PETER FROST sees the healthy, outdoor environment which provided much needed recreation, particularly for the urban working class, come under serious threat.
Eighty-five years ago Benny Rothman (above) and his fellow young communists discovered that access to the countryside was a class issue. A recent report on Tory government National Park funding proves it still is.
Back in the 1930s thousands of young workers and even more those without work in Manchester and Sheffield knew that walking and camping in the wild mountain country close to their homes was an excellent, inexpensive, satisfying and healthy way of spending weekends and holidays.
That was the working-class view. Ewan MacColl communist actor, folk singer — in those early days public relations officer and muse for Rothman and his trespassers — even spelt it out in blatant political language.
“I may be a wage–slave on Monday, but I am a free man on Sunday.” His line from his song The Manchester Rambler could be a quote from Frederick Engels.
The ruling class, the posh hunting and shooting landowners had an opposing view. They believed the high moorland should be private, ideal for raising grouse and other game birds for expensive and elite shooting parties.
They decided the open countryside was theirs alone and they were prepared to use force to preserve their privilege. Of course they didn’t do the defending themselves, rather they employed working-class gamekeepers to do their dirty work for them.
Rothman and five others went to jail for their principles but eventually the Kinder Trespass and the mass support it garnered won the day when the working-class action led to legislation granting access to the countryside for ordinary people. One of the most important aspects of that access would be the establishment of a network of national parks.
It is no coincidence that the first of England’s national parks was the Peak District where the Mass Trespass had been played out in the awesome landscape of the high, heather-covered highland of Kinder Scout (below).
Today there are 13 National Parks in England and Wales, each park operated by its own authority with two statutory purposes.
First, to conserve and enhance the natural beauty, wildlife and cultural heritage of the area and, second, to promote opportunities for the understanding and enjoyment of the park’s special qualities by the public.
Everyone, including rich Tory landowners’ now pays lip service to how important the national parks are but a recent report from the Press Association shows that national parks in England have lost millions of pounds of funding from the Tory government in the past five years. Overall their funding was cut by a quarter from 2011 to 2016.
Despite some rather hypocritical and hollow promises there are more cuts to come.
In 2015, the Department for Environment, Food and Rural Affairs (Defra) pledged to increase the direct grant for national parks by 1.72 per cent a year for most parks up to 2020. In fact funding by 2020 will be as much as a fifth below 2010 levels, said the study, even before inflation is taken into account.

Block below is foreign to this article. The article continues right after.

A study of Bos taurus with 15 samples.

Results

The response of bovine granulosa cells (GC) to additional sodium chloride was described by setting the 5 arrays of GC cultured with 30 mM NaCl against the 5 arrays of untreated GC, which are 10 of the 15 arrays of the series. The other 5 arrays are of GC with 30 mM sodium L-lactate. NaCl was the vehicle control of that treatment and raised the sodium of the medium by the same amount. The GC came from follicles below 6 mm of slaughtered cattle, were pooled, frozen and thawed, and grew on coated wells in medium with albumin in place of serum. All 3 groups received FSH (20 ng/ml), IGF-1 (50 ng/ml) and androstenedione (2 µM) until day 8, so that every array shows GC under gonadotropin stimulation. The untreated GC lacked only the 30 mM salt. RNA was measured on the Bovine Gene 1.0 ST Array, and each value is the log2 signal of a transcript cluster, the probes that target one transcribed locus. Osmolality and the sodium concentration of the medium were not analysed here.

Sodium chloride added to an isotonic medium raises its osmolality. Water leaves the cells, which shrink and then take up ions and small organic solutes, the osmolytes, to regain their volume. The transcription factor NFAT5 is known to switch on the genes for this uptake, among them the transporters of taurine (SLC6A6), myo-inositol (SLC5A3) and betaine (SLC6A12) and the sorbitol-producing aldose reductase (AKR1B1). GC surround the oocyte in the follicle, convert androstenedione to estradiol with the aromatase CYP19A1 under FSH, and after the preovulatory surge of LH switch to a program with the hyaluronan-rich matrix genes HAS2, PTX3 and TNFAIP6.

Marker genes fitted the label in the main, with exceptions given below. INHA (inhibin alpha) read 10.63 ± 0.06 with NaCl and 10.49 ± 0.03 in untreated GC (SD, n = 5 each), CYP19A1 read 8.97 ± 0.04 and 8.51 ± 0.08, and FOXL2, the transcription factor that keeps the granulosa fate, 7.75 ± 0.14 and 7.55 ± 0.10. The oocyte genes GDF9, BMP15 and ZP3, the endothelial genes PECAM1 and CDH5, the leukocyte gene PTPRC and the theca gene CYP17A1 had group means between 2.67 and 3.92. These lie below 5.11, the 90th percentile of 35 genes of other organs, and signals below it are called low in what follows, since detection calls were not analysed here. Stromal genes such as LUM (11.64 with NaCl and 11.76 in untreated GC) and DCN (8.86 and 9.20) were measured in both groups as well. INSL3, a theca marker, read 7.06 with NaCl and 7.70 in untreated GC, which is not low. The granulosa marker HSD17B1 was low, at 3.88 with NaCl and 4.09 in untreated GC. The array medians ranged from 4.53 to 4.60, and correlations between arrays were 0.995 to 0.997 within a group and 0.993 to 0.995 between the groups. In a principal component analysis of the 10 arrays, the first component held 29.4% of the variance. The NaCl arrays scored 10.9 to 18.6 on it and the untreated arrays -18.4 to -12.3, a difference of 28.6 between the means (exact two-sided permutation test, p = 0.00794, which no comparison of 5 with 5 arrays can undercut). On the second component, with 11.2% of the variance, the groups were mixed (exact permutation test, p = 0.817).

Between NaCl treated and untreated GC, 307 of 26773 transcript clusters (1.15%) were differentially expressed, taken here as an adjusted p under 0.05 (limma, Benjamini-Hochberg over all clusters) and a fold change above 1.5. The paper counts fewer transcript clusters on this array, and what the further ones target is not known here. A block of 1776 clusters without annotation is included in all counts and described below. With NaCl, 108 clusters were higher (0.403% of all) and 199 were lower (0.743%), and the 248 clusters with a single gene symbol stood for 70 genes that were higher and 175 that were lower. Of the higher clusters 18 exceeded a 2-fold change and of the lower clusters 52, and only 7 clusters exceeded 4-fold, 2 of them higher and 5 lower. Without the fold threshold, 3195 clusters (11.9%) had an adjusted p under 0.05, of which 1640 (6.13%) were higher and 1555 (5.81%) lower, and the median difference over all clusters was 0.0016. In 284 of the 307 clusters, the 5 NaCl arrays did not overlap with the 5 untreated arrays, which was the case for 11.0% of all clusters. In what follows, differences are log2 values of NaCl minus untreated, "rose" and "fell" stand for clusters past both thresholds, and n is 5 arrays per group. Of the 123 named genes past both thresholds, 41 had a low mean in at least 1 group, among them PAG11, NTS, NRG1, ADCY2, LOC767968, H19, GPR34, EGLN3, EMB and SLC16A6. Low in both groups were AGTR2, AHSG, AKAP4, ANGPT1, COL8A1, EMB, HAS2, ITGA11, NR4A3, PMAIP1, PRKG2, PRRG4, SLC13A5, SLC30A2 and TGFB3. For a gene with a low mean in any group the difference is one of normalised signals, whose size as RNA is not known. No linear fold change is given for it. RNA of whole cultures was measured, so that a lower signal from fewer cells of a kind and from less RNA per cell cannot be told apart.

Among the parks worst affected were the Peak District, with annual funding cut from £8.3m to £6.3m and the Lake District from £6.9m to £5.2m.
The investigation found that once inflation was taken into account cuts over the five years were even more severe, at 40 per cent in real terms.
The reductions in funding have affected parks in differing ways. The Norfolk Broads (below) had closed three out of six information centres and cut back much of its footpath maintenance. Much work is now covered by volunteers.
Dartmoor has reduced its staff by a third and various parks have had to cut bus services transporting people to attractions.
Defra certainly claims it understands the value of the parks. A Defra spokeswoman said recently: “National parks are treasured landscapes and an important part of our country’s identity, attracting 90 million visitors and generating £4 billion a year.”
She went on to claim: “We are committed to helping them thrive, which is why we have protected their budgets to 2020, committing over £350m for English national parks, AONBs (Areas of Outstanding Natural Beauty) and public forests.”
And yet, as the figures in our box show the parks are trying to survive on less and less money.
National Park Funding 2010-11 2015-16
Broads £4.2m £3.2m
Dartmoor £4.7m £3.6m
Exmoor £4.0m £3.0m
Lake District £6.9m £5.2m
New Forest £4.0m £3.0m
North York Moors £5.4m £4.1m
Northumberland £3.3m £2.5m
Peak District £8.3m £6.3m
Yorkshire Dales £5.4m £4.1m
Source: National Parks This table does not include Welsh or Scottish National Parks nor the new English South Downs park.
Meanwhile Andrea Leadsom, the Tory minister at Defra, makes no secret of her sympathy with private landowners and their so called sporting shooting estates.
Part of her Defra ministry, Natural England issues licences to shoot buzzards and the draining and burning of fragile peat moorland are tolerated on the upland grouse moors even within the National Parks.
Tory MPs and councillors have consistently voted to allow fracking, mineral extraction and inappropriate leisure development in the parks.
Rothman saw the struggle to protect the British countryside as part of the battle between the classes all those years ago and, as the Tories and their austerity policies are constantly demonstrating today, he wasn’t wrong.
The fight must go on.
- Peter Frost was, for 10 years, a Member of the Broads Authority — the group of government-appointed trustees that run the Broads National Park.
This article first appeared in the Morning Star 10 February 2017.